NEW YORK – The European Medicines Agency's Committee for Medicinal Products for Human Use (CHMP) has issued positive opinions on a precision medicine for a genetic form of amyotrophic lateral sclerosis (ALS) and on a label expansion for a precision medicine for cystic fibrosis.

Biogen on Friday said CHMP issued a positive recommendation for Qalsody (tofersen) as a treatment for patients with a rare form of ALS linked to a mutation in the SOD1 gene. Qalsody, an antisense oligonucleotide, binds to and helps degrade SOD1 mRNA to reduce the production of the SOD1 protein.

The committee specifically recommended marketing authorization under exceptional circumstances, a form of authorization granted when the committee determines that the benefit-risk assessment for a drug is positive, but that it's unlikely that the company will be able to obtain comprehensive data due to the rarity of a disease.

CHMP made its decision after reviewing biomarker and clinical data from a Phase III study in which patients on Qalsody had a 60 percent decrease in plasma neurofilament light (NfL), a blood-based biomarker associated with axonal injury and neurodegeneration, compared to a placebo group after 28 weeks. There were also trends in the study suggesting that Qalsody improved patients' physical abilities based on the ALS Functional Rating Scale-Revised.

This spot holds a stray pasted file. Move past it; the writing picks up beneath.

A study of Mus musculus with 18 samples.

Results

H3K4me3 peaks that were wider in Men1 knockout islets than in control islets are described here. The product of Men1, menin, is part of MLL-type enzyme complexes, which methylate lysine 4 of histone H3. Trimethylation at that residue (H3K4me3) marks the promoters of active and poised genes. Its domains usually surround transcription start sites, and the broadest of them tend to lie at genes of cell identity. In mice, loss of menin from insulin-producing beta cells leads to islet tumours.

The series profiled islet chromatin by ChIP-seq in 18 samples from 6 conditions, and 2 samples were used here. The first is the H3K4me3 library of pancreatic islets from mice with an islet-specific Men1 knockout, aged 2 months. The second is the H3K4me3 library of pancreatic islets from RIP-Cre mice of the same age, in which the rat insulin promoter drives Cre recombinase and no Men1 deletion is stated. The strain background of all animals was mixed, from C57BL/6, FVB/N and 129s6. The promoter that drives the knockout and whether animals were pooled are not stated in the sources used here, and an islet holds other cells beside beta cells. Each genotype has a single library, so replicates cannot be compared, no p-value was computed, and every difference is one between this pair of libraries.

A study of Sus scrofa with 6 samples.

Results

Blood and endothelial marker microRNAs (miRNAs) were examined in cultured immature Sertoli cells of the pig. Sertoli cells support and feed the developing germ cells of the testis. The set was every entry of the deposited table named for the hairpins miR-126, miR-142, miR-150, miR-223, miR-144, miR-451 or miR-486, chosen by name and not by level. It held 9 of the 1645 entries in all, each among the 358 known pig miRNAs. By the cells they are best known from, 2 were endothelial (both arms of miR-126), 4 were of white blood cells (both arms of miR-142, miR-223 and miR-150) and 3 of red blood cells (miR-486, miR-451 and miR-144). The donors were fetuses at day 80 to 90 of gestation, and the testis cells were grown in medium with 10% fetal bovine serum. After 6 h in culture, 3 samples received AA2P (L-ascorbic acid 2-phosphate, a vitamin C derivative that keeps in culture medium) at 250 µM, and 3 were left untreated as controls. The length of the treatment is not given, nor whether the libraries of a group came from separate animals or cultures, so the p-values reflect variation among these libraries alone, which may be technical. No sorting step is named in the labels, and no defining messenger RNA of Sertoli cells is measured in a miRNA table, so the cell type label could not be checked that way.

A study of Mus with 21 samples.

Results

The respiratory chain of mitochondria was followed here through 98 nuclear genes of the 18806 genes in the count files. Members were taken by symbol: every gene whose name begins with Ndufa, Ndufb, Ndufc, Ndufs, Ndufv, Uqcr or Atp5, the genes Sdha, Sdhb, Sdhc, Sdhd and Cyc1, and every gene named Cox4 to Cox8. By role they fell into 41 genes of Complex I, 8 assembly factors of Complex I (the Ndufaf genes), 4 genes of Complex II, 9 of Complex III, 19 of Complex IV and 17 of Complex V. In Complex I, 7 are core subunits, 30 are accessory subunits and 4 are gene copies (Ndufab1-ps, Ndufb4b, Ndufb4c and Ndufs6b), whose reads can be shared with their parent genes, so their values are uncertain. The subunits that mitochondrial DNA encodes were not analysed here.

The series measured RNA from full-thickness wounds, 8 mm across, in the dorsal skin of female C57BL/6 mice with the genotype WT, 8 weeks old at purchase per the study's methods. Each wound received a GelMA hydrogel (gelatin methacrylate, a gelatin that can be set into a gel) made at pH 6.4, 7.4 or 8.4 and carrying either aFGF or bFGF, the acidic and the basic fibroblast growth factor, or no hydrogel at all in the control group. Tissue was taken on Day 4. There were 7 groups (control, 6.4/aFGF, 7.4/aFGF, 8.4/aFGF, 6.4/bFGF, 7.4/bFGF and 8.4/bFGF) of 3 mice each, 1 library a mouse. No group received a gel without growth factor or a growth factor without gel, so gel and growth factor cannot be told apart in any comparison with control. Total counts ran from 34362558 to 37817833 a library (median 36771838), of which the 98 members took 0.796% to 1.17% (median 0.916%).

If the European Commission (EC) authorizes the drug, Qalsody will be the first treatment in the EU to target a genetic cause of ALS, according to Cambridge, Massachusetts-based Biogen. Last year, Qalsody became the first treatment in the US for treating this subpopulation of ALS patients. 

Separately, Boston-based Vertex Pharmaceuticals on Friday said it received a positive opinion from CHMP to expand the availability of its cystic fibrosis treatment Kalydeco (ivacaftor) to patients with certain mutations in the CFTR gene who are as young as 1 month old. Kalydeco is already approved for patients ages 4 months and older in the EU. Last year, the US Food and Drug Administration approved a label expansion for Kalydeco, making it accessible to children as young as 1 month old based on Phase III data showing the treatment was safe for younger children.

The EC will now review CHMP's opinions on Qalsody and Kalydeco and decide whether to make these treatments available to patients in Europe. Biogen is expecting the commission's decision on Qalsody in the second quarter of 2024.